MIT chooses Leti to supply suspended microresonators

Categorie(s) : Events, News, Research

Published : 2 April 2015

The news dates back to early 2014 and has been kept under wraps for almost a year. A Massachusetts Institute of Technology biology lab is turning to Leti to develop some highly complex suspended microresonators. After receiving the initial components, which delivered satisfactory performance, the lab decided to switch foundries, and has now placed an order for 1,500 of the resonators with Leti for June.
The resonators boast a beam that vibrates at several hundred kHz and microfluidic channels through which cells flow. The frequency varies depending on the cells’ mass, which can be measured accurately down to the femtogram (10-15 g). This level of precision makes it possible, for instance, to separate cancerous cells from healthy ones.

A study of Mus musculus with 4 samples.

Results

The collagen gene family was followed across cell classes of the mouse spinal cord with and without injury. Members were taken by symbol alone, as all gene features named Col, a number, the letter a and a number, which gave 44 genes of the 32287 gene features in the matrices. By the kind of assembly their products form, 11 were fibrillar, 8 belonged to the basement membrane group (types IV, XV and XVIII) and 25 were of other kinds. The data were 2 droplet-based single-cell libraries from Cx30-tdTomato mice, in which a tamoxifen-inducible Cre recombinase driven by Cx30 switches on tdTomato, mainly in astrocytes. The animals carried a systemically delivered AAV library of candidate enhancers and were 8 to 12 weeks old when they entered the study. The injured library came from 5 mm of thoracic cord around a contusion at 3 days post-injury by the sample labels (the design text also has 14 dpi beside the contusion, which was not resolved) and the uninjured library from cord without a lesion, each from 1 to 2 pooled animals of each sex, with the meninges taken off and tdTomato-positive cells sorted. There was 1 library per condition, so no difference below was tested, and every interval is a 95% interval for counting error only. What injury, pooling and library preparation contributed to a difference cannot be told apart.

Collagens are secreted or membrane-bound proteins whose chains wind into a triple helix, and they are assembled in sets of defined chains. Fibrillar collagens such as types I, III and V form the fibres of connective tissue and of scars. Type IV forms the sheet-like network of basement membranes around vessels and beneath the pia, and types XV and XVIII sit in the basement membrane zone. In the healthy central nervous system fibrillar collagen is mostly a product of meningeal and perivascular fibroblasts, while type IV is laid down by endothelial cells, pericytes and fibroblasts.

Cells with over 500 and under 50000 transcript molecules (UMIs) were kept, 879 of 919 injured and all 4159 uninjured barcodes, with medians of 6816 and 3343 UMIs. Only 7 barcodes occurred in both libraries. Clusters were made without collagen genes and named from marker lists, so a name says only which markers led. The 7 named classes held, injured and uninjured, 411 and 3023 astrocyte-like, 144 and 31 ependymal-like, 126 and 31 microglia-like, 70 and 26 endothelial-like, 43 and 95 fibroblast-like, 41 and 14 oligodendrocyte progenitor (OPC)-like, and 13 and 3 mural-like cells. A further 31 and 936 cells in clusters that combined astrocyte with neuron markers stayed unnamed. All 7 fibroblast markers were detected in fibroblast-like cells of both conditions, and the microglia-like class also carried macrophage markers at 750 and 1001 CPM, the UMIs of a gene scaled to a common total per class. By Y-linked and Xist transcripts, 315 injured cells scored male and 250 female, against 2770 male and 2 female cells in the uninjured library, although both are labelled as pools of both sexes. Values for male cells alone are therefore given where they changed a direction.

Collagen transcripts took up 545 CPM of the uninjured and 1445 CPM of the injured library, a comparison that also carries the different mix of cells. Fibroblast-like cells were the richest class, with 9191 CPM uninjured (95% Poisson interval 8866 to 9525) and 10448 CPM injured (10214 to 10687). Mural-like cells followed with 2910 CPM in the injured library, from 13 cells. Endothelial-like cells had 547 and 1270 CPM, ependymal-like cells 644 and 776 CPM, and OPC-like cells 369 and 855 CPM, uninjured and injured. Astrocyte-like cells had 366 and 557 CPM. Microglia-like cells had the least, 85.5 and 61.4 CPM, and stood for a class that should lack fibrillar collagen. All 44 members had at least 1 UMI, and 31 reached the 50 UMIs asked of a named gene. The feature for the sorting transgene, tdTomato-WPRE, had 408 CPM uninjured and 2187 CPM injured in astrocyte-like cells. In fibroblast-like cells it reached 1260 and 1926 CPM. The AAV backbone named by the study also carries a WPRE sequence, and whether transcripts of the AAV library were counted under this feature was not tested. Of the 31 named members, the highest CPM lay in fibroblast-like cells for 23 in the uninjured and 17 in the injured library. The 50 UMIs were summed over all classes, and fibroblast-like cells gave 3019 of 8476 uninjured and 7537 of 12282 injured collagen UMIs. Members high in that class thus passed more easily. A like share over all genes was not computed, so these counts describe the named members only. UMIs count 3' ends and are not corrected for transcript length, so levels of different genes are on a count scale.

One of the most technically-complex devices ever made at Leti

According to the researchers at Leti, the microresonator is one of the most technically-complex devices they have ever made. It packs in three substrates (silicon, SOI, and glass) and three sealing techniques (molecular, anode, and eutectic). The width of the microfluidic channels varies from 10 microns to 3 microns all along their path.
The fabrication process includes an impressive 150 steps (compared to just 50 for a traditional MEMS process). The quality factor, at more than 13,000, is very close to the state of the art for this type of resonator.
MIT generally does not initiate this type of partnership with other research organizations. The fact that the school turned to a lab halfway around the world is something Leti can be proud of. In the meantime, the researchers hope that this initial collaboration will lead to new partnerships.